Saturday, March 18, 2017
Meal Kits and Lessons Learned
Not long ago, I was utterly sick of cooking and equally sick of eating fast food. Cookbooks don't work for me, and I can't find a cooking class.
So I found a meal kit system to try. After all, I do know a little bit about cooking, but it's all foods from the previous century. I figured right - hand me the recipe and the directions and I can figure it out.
This is what I observed after about four weeks.
The meal kit had me pan frying a lot of meat, something I've never done before, and don't like doing as a rule. I've found stainless steel pans didn't do all that well with it either. I didn't like the way the food burned on the outside and stayed raw in the middle. Now there are ways around that, but they don't work with meal kits. The rest of the food gets cold while you wait for the meat to cook.
It was frustrating. I guessed it was because the copper bottom wasn't really doing it's job - which is to distribute heat and hold it. So it takes a lot longer to fry meat, because it has to be done at a lower temperature.
Also, my stainless steel cookware, with plastic handles, isn't up for going in the oven. And many of the recipes call for putting the food in the oven and under the broiler.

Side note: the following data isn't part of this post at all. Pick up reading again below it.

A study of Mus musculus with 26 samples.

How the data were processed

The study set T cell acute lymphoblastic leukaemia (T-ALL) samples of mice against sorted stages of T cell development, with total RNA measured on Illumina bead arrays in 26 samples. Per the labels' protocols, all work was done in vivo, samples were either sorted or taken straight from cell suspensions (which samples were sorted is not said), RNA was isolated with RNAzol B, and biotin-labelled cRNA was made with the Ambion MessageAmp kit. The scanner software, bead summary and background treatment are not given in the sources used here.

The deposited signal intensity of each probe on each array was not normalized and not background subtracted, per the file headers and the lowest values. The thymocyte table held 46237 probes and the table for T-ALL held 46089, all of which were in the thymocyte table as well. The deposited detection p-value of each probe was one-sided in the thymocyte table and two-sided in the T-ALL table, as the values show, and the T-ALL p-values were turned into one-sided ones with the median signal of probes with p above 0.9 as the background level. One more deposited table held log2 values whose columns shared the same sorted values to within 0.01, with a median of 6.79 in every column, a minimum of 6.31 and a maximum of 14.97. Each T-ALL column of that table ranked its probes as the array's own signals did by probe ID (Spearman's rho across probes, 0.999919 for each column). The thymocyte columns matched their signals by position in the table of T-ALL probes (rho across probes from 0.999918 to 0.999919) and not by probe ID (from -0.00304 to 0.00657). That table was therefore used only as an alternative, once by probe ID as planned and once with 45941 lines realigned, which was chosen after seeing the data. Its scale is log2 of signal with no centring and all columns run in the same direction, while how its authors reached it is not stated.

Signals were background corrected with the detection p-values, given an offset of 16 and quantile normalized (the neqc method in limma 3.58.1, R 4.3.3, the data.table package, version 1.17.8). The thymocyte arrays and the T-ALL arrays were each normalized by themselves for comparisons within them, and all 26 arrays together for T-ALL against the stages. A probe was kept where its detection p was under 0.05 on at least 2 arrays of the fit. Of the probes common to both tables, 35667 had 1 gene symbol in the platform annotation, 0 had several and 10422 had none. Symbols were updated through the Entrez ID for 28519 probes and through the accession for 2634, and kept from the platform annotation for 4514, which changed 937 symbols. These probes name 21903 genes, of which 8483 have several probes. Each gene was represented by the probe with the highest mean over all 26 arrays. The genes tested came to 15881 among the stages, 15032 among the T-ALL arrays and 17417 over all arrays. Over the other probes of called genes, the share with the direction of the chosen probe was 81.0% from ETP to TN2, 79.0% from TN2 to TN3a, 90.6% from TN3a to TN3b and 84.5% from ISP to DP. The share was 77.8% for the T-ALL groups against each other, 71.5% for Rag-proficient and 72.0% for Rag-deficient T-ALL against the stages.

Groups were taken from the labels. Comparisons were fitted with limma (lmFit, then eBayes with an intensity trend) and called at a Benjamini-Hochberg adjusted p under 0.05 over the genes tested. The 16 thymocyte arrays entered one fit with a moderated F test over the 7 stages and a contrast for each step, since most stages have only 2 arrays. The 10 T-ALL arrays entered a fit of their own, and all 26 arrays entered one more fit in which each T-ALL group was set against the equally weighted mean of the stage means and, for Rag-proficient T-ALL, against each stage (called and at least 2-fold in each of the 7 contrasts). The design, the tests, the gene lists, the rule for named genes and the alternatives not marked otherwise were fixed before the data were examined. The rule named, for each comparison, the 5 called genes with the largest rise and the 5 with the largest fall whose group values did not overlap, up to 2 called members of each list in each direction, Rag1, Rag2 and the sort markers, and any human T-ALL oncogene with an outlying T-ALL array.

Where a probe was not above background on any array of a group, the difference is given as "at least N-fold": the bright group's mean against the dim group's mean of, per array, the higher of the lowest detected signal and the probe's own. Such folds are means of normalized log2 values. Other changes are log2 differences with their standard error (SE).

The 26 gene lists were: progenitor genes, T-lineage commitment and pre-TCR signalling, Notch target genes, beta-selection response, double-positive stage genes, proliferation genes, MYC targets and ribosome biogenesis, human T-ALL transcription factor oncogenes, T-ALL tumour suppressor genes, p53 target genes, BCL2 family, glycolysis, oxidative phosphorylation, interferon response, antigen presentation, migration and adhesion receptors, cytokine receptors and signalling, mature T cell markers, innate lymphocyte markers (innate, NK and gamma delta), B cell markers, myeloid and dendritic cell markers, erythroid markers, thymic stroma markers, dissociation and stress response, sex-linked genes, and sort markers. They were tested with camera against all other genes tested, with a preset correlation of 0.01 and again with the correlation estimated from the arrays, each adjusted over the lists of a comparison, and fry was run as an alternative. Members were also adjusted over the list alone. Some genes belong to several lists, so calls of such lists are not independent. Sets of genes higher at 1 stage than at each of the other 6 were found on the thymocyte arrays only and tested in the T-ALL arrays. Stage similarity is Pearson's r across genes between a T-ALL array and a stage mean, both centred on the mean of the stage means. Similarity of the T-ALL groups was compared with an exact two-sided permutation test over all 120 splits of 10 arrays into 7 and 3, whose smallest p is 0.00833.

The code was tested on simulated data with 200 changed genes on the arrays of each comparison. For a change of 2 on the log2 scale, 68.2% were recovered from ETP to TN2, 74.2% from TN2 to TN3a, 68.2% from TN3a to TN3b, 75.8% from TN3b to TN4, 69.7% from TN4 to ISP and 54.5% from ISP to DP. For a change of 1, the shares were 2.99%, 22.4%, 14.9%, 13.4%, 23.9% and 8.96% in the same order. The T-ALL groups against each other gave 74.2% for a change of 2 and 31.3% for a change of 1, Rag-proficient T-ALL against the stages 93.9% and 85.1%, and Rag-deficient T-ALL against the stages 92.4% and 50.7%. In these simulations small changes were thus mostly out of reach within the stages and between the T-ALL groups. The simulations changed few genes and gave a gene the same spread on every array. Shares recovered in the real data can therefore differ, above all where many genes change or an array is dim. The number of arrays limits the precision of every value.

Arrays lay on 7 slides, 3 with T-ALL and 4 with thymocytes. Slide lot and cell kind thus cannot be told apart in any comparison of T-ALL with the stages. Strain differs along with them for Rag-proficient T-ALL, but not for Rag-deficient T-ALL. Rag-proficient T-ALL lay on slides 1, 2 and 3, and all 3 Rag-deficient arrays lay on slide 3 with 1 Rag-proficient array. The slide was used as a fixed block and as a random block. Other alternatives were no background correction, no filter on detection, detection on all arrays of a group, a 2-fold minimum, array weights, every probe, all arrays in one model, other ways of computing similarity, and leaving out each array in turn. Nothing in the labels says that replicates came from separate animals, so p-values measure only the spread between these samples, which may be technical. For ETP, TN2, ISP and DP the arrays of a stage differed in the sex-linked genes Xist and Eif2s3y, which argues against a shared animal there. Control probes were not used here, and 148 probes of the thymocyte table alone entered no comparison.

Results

So we needed to get a pan that would survive the broiler, and was heavy enough to pan fry meat faster without burning the heck out of it.
We looked around in the stores, and frankly the price of iodized aluminum cookware is crazy. The cheaper stuff is garbage and the expensive stuff is insane for what you get.
Plus I've been hearing for years that Alzheimer's is caused by aluminum - so why spend big bucks on something that might just rot your brain? So as an experiment, we bought a 10" Lodge cast iron skillet, for $20 at Walmart.
Holy cow! I had no idea what a difference it would make. I could get the meat fried with very little oil, on time. Yes, cast iron is tricky to live with. No dishwasher for that pan! It's hand wash and oven dry. Can't leave tomatoes in the pan, they have to come out before the acid eats the coating.
What I never counted on was the difference in flavor.
The more I cook with it, we are talking just two weeks, the better the food tastes. Part of that is the oil coating - it holds flavors like salt and sweet. So once we cooked a sweetened sauce with thyme, I can still taste the sweet and the thyme. Salt and seasoning seems to linger as well. So there's a complexity of flavor in the pan itself that goes into the meat or sauce, or whatever.
It's weird and it takes some getting used to. But I've talked to someone who's used cast iron cookware for years and that's normal.
So if you decide to go with the meal kit service, consider getting a cast iron pan. Just remember, these puppies are HEAVY and require hand washing.